When BuzzFeed.com reported Saturday, Nov. 2 that “an entire section of Kentucky Rand Paul’s 2013 book ‘Government Bullies’ was copied wholesale from a 2003 case study by the Heritage Foundation . . .The copied section, 1,318 words, is by far the most significant instance reported so far of Paul borrowing language from other published material,” reported BuzzFeed. Aired widely on MSNBC’s “Rachel Maddow Show,” Paul went immediately on the defensive. “I think I’m being unfairly targeted by a bunch of hacks and haters, and I’m just not going to put up with people casting aspersions on my character,” Paul told “This Week” with George Stephanopolous, Sunday morning. Paul’s overreaction suggests he’s guilty as sin of one of academia’s worst breaches: Ripping off some else’s work. Unless Paul sues BuzzFeed or Maddow for defamation, he’s guilty as charged.
Crying foul and blaming “the Libs,” Paul hopes to snooker conservative radio talk show host Rush Limbaugh’s Lib-bashing audience. There’s been little Rush hasn’t blamed on the “Libs” since he hit the Sacramento, Calif. airwaves in 1984. “I take it as an insult,” said Paul, feigning the kind of hollow outrage designed to camouflage his egregious behavior. Plagiarism shows not just expediency but a kind of intellectual bereftness found in garden-variety con-artists. “And I will not lie down and say people can call me dishonest, misleading or misrepresenting, and if dueling were legal in Kentucky, if they keep it up, you know it’d be a duel challenge,” making clear that the Constitutional “scholar,” often accuses “Libs,” especially President Barack Obama, of violating the Constitution. Paul now admits that the courts aren’t the place to redress grievances and disputes.
Paul’s histrionics can’t pass unnoticed. Saying his detractors call him “dishonest, misleading or misrepresenting,” that’s an understatement about individuals too lazy or bereft to write their own copy. Plagiarism goes beyond “dishonesty,” showing a cavalier attempt to profit at the expense of others’ words. Lifting large sections out of copyrighted material shows the most cynical manipulation of source material. Promising now that he’s caught to make proper attribution is preposterous. Lifting pages of material isn’t about attribution: It’s about intellectual theft. While Paul probably didn’t complete too many papers in med school, he knows that plagiarism is grounds for termination in most work environments. Paul can point fingers all he wants at the “left” or broadcast journalists like Maddow but he knows that plagiarism is serious business wherever it’s found.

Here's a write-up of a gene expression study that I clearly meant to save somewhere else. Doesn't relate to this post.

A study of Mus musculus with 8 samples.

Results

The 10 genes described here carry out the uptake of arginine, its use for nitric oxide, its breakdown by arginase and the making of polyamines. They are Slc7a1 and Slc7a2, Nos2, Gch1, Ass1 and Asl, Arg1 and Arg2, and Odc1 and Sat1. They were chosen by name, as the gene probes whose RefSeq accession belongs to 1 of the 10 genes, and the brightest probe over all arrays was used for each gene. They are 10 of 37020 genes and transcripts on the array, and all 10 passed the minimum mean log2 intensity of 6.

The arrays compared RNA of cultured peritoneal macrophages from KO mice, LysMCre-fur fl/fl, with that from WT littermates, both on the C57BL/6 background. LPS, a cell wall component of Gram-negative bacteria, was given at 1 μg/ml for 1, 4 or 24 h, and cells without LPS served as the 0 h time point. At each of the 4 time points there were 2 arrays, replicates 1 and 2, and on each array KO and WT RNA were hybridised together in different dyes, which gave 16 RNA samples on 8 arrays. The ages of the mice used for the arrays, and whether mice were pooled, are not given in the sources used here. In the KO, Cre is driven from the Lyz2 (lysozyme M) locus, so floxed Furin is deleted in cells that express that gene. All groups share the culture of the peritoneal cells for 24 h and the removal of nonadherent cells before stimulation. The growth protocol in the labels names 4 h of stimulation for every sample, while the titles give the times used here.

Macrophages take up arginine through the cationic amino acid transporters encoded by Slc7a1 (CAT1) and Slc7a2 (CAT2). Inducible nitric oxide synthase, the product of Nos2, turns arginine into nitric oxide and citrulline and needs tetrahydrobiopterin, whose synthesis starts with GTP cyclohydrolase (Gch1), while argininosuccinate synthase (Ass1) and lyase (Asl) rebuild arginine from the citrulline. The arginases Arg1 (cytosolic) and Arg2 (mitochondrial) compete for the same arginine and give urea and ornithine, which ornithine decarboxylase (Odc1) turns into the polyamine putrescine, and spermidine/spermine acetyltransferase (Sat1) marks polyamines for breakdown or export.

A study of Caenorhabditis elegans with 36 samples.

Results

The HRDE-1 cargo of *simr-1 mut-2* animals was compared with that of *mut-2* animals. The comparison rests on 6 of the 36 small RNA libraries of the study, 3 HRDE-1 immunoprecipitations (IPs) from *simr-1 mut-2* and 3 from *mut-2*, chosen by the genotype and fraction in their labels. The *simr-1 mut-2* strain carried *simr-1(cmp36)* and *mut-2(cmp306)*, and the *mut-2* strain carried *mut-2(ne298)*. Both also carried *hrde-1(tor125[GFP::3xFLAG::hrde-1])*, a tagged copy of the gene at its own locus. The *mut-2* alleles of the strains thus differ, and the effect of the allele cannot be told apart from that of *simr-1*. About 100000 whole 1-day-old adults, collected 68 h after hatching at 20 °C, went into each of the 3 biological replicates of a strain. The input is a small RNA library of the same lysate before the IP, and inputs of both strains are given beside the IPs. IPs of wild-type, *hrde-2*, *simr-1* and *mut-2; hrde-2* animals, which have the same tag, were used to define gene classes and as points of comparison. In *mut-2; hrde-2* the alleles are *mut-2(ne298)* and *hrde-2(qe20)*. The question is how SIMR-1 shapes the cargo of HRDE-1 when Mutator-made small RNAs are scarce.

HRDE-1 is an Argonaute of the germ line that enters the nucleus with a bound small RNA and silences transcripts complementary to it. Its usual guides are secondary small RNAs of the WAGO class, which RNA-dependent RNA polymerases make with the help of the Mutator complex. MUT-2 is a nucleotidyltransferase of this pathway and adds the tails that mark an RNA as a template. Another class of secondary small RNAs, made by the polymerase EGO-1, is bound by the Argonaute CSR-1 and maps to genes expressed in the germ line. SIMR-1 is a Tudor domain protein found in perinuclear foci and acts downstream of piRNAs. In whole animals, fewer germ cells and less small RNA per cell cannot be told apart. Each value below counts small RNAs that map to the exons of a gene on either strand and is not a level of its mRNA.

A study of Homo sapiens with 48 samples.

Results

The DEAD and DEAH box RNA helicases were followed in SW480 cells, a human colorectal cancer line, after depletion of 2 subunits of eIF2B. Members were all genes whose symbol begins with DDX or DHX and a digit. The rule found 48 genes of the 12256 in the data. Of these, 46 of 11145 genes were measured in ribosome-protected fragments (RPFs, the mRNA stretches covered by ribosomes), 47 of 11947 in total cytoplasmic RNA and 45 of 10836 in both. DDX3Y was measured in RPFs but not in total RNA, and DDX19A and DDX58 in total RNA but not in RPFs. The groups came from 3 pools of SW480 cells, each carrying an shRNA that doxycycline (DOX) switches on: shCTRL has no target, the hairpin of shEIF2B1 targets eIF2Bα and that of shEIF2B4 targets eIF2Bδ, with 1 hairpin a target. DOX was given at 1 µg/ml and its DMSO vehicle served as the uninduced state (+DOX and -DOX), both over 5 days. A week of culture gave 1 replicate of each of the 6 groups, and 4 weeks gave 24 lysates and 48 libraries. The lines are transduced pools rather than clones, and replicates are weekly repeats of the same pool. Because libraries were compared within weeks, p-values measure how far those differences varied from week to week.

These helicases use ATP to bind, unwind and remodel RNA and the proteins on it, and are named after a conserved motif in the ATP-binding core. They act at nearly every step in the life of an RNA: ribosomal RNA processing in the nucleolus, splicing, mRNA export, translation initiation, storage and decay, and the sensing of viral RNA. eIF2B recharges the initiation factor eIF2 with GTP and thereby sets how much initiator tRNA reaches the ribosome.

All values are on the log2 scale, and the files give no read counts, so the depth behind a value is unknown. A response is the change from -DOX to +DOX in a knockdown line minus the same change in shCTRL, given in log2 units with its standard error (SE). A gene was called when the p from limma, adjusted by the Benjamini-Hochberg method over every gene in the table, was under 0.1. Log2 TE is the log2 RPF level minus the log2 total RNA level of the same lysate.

Shooting the messenger isn’t the way to resolve allegations of intellectual larceny. Hinting that he’d like to challenge Maddow to a “duel” takes damage control to the nth degree. “You know, the person who is leading this attack, she’s been spreading hatred on me for about three years now, and I don’t intend for it to go away, but I also don’t see her as an objective news source,” said Paul, cleverly blaming the accusations on Maddow. Maddow only reported what was authenticated by BuzzFeed. Highlighting Maddow’s left wing credentials raises credibility issues over the report, when, if fact, BuzzFeed reported Paul’s infractions. “This is about you lifting other people’s words verbatim and pretending that they’re your own,” said Maddow, firing back at Paul’s suggestions of a left-wing conspiracy. Paul seeks anyway to trivialize his conduct. Those that take words seriously know it’s a problem.
Accusations of plagiarism go the heart of defamation or libel, taken seriously in legal circles. Paul’s reluctance to take legal action for libel against BuzzFeed or slander against Maddow indicates that the 52-year-old first term senator has real character problems affecting his presidential ambitions. It’s not the “Dems” that will use plagiarism against Paul in 2016. Whether or not Paul trivializes allegations of plagiarism, he’ll be forced to explain it in 2016. “This is about you lifting entire sections of a website, inserting them into your own speeches, and then passing them off as your own original thoughts. This is something that high school students know not to do . . “ said Maddow, holding Paul’s feet to the fire. Paul’s only defense is that Maddow is a left-wing hack hurling defamatory accusations against the former Opthamologist from Bowling Green, Ky.
Paul’s got a lot of explaining to do about how one of the Senate’s biggest moralists has been accused of plagiarism. One of Obama’s fiercest critics, Paul shows more right-wing extremism than his 78-year-old libertarian father, Rep. Ron Paul (R-Texas). Whatever one’s extreme views, plagiarism cuts across the political spectrum as despicable conduct. If Paul really believed the accusations were malicious left-wing propaganda, his attorneys would be all over it. Hinting at an old fashion duel sounds good but doesn’t detract from documented facts about Paul’s plagiarism. “Only in Washington is something this trivial a source for liberal media angst,” said Rand’s former chief of staff Doug Stafford. Whipping up more conspiracy theories doesn’t change the fact that Paul ripped off copyrighted works for his own self-aggrandizement in his book, speeches and website.
About the Author
John M. Curtis writes politically neutral commentary analyzing spin in national and global news. He’s editor of OnlineColumnist.com and author of Dodging The Bullet and Operation Charisma.